Coriolan is a soldier and a commander, and at the same time a man exhacerbated by his senses of honour and guilt that will ultimately bring him to death.

The genius of Beethoven is so powerful that these feelings become, so to say, almost physically present in the execution. And so it can happen that Coriolan flows into the interpreter-Conductor, who gives his identity back to him.

The physical and emotional intensity of the character, which bursts out from the film of the concert, is “crystallized” in the selected frames that show some of its moments made still-stock. The Conductor’s gesture and body bearing make his metamorphosis apparent: by letting the Music flow into himself, he becomes himself a soldier and a commander, and at the same time a man divided and suffering from the inner conflict that will be fatal to him.

Latest Series: In The Moment

Patrizia Genovesi captures and photographs the performance of Ludwig van Beethoven’s “Coriolano.” The power of the composition is such that it viscerally conveys the emotions driving the protagonist, making them almost “physical.” In this way, Coriolano enters the consciousness of the conductor-interpreter, who in turn gives him back his own identity. The physical and emotional intensity of the character, bursting forth in the concert video, crystallizes in 12 frames that freeze select moments in time. Skillful image manipulation removes extraneous details and accentuates the drama. Gesture and posture highlight the Maestro’s metamorphosis as he becomes Coriolano himself: the commander leading his troops into battle, while simultaneously a man torn by internal conflict that will ultimately lead him to his death.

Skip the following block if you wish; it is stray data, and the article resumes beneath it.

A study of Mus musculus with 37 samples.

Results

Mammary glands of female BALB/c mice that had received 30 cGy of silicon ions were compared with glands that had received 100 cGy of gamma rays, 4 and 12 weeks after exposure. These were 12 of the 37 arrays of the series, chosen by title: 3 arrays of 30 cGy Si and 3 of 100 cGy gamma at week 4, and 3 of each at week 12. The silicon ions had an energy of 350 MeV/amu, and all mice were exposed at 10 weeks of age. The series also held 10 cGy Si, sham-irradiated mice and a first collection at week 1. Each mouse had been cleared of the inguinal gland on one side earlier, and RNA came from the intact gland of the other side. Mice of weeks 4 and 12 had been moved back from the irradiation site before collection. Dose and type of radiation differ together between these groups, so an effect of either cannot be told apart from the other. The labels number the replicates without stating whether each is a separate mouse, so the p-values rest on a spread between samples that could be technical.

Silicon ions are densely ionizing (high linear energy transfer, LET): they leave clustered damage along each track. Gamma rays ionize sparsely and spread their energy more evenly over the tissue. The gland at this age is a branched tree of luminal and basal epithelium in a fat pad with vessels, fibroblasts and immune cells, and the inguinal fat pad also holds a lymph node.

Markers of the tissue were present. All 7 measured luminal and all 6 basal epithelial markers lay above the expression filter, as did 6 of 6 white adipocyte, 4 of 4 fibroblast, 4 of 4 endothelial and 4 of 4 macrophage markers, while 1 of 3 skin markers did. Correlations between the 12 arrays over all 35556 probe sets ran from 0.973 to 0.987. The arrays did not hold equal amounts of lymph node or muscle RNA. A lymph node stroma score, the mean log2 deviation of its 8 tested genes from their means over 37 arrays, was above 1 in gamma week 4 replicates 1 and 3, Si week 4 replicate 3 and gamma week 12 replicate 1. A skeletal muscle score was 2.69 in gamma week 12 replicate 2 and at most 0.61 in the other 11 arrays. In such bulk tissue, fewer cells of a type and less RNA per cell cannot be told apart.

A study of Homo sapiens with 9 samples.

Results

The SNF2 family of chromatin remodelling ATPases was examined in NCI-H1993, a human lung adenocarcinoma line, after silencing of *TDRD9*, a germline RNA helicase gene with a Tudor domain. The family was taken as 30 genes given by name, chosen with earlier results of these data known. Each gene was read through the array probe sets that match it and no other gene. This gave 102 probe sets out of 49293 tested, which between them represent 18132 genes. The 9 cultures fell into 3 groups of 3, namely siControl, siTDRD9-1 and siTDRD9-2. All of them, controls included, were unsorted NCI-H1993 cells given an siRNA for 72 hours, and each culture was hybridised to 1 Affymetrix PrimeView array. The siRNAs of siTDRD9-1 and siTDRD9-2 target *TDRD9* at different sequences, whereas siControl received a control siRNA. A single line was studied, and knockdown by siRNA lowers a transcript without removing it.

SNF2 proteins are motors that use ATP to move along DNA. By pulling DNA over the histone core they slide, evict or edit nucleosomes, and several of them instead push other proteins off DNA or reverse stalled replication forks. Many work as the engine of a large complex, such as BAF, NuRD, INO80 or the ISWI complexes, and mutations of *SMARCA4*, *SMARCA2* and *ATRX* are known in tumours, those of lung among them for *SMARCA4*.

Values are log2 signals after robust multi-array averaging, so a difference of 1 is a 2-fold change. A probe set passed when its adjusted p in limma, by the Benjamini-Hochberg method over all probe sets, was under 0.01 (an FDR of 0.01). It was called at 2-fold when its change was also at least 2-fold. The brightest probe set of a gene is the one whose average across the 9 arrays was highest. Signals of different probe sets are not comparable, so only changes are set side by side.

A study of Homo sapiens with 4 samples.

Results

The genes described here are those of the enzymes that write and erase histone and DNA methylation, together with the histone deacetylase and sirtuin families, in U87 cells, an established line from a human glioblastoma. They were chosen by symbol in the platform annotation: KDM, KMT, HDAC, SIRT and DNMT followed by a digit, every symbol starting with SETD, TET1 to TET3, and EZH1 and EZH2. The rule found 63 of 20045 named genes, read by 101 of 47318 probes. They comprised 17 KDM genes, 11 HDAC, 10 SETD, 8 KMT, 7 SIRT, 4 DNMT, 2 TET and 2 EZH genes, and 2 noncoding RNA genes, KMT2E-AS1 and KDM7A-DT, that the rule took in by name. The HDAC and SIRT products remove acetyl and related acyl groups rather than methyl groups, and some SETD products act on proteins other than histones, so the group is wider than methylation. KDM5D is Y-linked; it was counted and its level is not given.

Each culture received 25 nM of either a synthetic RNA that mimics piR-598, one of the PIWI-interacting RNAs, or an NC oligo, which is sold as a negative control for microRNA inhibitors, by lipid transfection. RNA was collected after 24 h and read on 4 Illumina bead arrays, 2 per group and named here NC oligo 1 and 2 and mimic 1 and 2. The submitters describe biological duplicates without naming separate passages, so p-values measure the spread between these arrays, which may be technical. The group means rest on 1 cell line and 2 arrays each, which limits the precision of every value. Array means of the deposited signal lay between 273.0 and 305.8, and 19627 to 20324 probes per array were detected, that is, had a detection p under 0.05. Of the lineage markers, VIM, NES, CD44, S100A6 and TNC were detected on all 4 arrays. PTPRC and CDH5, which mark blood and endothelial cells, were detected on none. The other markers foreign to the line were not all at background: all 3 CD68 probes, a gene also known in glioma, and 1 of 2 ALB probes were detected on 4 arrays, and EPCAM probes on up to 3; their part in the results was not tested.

In this intersection of seemingly disparate expressive mediums, the camera becomes an instrument of the orchestra. It dutifully follows and reveals the slow transformation of the Maestro who, in demanding a rendition from his orchestra, becomes himself an instrument of Music—physically evoking its ghosts and nuances.

The Coriolano project arises from the meeting of two authentic and complementary artistic sensibilities. Giorgio Proietti, the conductor, and Patrizia Genovesi, a photographer and video artist, decide to create a space where grand musical tradition marries modern multimedia tools, thereby amplifying its power in a language both new and familiar to the contemporary observer.